Ali teaches us to ‘go confidently’
As we mourn the loss of Louisville’s native son, a reflection on what it means to be your greatest self.
Published June 09, 2016
“I’ve never let anyone talk me into not believing in myself.” – Muhammad Ali

Words to live by. What a gift to be blessed with this seemingly inborn confidence. It’s something many of us strive for every day. And it’s something we at Norton Healthcare had in mind when we created our Go Confidently speaker series.

It’s clear from the outpouring of emotion following Ali’s death that “going confidently” through life is exactly what he taught so many of us to do.

As I reflect on The Champ’s accomplishments, I wondered what role he played in the lives of our Go Confidently speakers.

John Baumann, a 2015 Go Confidently speaker, has Parkinson’s disease and says he looks to Ali for inspiration. Baumann told us to tap into our inner strength when going through life’s challenges, to have the confidence reflected in Ali’s now-famous sentiment: “I am the GREATEST. I said that even before I knew that I was.”

Baumann shared his thoughts after learning of Ali’s passing: “Tears have been rolling down my cheeks off and on since I learned of Muhammad Ali’s hospitalization and subsequent death, (because of) what Muhammad Ali has done since he was diagnosed with Parkinson’s disease. He remained Muhammad Ali over 30 years living with, fighting, dealing with and embracing this horrific disease. He kept his identity. That’s why tears roll down my cheeks — tears of admiration, tears of strength, tears of pride, tears of power, tears of hope. He was the same comedian, magician, showman, family man that he has always been. The difference that Muhammad Ali made in my life, 15 years with Parkinson’s, is to set aside the fact that I have Parkinson’s and go on living. Be lovable. Inspire others.”

To our Go Confidently community, we know you are mourning the loss of our beloved native son in your own way. Join your like-minded friends, family and neighbors at our next Go Confidently experience on June 30. Allison Massari will deliver another message that Ali personified during the last years of his life: to intentionally make a choice to find joy alongside pain.

Thank you, Muhammad Ali, for the inimitable role you play in helping us all go confidently.

– Elicia Newcom Gregory


I learned that life is unexpected and that you cannot control it. What matters is your attitude!

-Great way to end the day, brave man, thank you very much!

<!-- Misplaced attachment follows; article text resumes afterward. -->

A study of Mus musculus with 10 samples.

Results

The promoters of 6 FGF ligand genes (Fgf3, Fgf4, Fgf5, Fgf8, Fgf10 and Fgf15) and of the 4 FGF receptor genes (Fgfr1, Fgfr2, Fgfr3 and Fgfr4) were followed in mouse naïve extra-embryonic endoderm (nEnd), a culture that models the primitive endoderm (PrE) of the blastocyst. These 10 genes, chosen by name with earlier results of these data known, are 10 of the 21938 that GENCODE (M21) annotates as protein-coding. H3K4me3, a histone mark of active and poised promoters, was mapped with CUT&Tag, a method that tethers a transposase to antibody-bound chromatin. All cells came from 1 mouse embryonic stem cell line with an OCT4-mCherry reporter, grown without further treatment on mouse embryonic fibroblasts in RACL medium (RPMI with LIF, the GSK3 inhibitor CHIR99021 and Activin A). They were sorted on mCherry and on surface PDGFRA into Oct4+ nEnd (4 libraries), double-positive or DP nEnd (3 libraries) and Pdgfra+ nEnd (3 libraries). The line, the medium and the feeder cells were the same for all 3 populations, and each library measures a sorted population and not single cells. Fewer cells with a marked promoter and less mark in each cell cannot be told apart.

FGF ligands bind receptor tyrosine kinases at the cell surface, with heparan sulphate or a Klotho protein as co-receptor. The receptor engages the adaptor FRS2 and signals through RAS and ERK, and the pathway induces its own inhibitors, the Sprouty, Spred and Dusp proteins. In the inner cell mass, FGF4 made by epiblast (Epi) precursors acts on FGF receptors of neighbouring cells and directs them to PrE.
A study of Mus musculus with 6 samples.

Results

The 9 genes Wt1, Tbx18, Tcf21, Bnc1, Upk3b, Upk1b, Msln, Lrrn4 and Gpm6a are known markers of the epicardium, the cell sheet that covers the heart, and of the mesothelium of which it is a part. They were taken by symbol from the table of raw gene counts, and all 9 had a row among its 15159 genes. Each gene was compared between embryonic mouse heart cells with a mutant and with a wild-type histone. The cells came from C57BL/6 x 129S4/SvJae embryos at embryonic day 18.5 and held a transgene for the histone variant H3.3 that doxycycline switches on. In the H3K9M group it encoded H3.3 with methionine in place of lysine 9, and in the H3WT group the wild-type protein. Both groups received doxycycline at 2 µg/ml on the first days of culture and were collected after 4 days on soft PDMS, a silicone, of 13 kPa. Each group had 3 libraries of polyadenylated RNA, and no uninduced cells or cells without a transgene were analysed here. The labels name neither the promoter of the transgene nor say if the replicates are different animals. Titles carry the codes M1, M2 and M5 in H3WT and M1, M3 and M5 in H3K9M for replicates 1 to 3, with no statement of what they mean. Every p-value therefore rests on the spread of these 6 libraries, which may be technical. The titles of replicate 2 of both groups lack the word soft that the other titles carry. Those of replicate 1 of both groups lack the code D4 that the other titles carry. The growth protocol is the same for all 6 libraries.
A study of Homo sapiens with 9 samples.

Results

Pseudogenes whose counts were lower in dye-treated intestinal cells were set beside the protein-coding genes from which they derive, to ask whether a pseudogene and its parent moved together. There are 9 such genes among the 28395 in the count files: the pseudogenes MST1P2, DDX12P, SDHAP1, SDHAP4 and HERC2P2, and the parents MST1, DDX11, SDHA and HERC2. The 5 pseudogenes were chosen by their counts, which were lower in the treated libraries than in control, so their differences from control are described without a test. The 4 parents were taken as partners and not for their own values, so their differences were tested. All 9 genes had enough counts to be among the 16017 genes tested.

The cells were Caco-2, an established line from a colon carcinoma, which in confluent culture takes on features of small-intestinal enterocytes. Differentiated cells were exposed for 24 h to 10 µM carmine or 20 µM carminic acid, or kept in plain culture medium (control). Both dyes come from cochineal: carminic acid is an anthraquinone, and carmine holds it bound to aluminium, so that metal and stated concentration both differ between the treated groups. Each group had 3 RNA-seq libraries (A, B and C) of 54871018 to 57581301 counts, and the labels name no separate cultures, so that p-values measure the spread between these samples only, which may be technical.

-Good, excellent, great, outstanding speaker, very moving!

-Inspirational who just “gets it”

-Positive thinker and very funny!

-Honest speaker but also humorous!

Parkinson’s Society of Southwest Ontario, Canada, Symposium Keynote Presentation

“whatever hand life deals you, whatever life changing adversity you have to endure, you still have some control over it.” “You don’t have to just to live well,” he advises,” but live an Amazing Life.” The formula he proposes: Faith in yourself, discipline, determination, desire, intensity, and inner strength.


Yes, you touched every person at our conference, who will in turn change and impact so many others. The feedback from our participants was overwhelmingly positive. You are the only speaker to ever receive a standing ovation. Thank you for taking time to share, motivate and inspire. We are blessed to know you.


I will be honest. During the first 10 minutes of your presentation, I started reading work related material on my laptop. For surely, I had watched your You-Tube and seen your videos and knew what to expect. Surely, as a therapist I had studied this disease, the pathological components, the psychological components, the treatment alternatives……..Surely, I understand it.

Not so much. You caught my attention and I was enthralled. You were able to couple the impairments you experience with the emotions felt. You walked us through your life with the disease through “your eyes”. A perspective that a therapist/nurse rarely has the chance to hear. We get so busy telling patients how to deal with x, y and z, but our eyes are blurred by the science of it all most of the time.

You did it through truth, Through your humor, humility and determination to tell your story. One that most deservedly needs to be shared.

I will advocate to have you share your story. I appreciate your determination, diligence and dedication.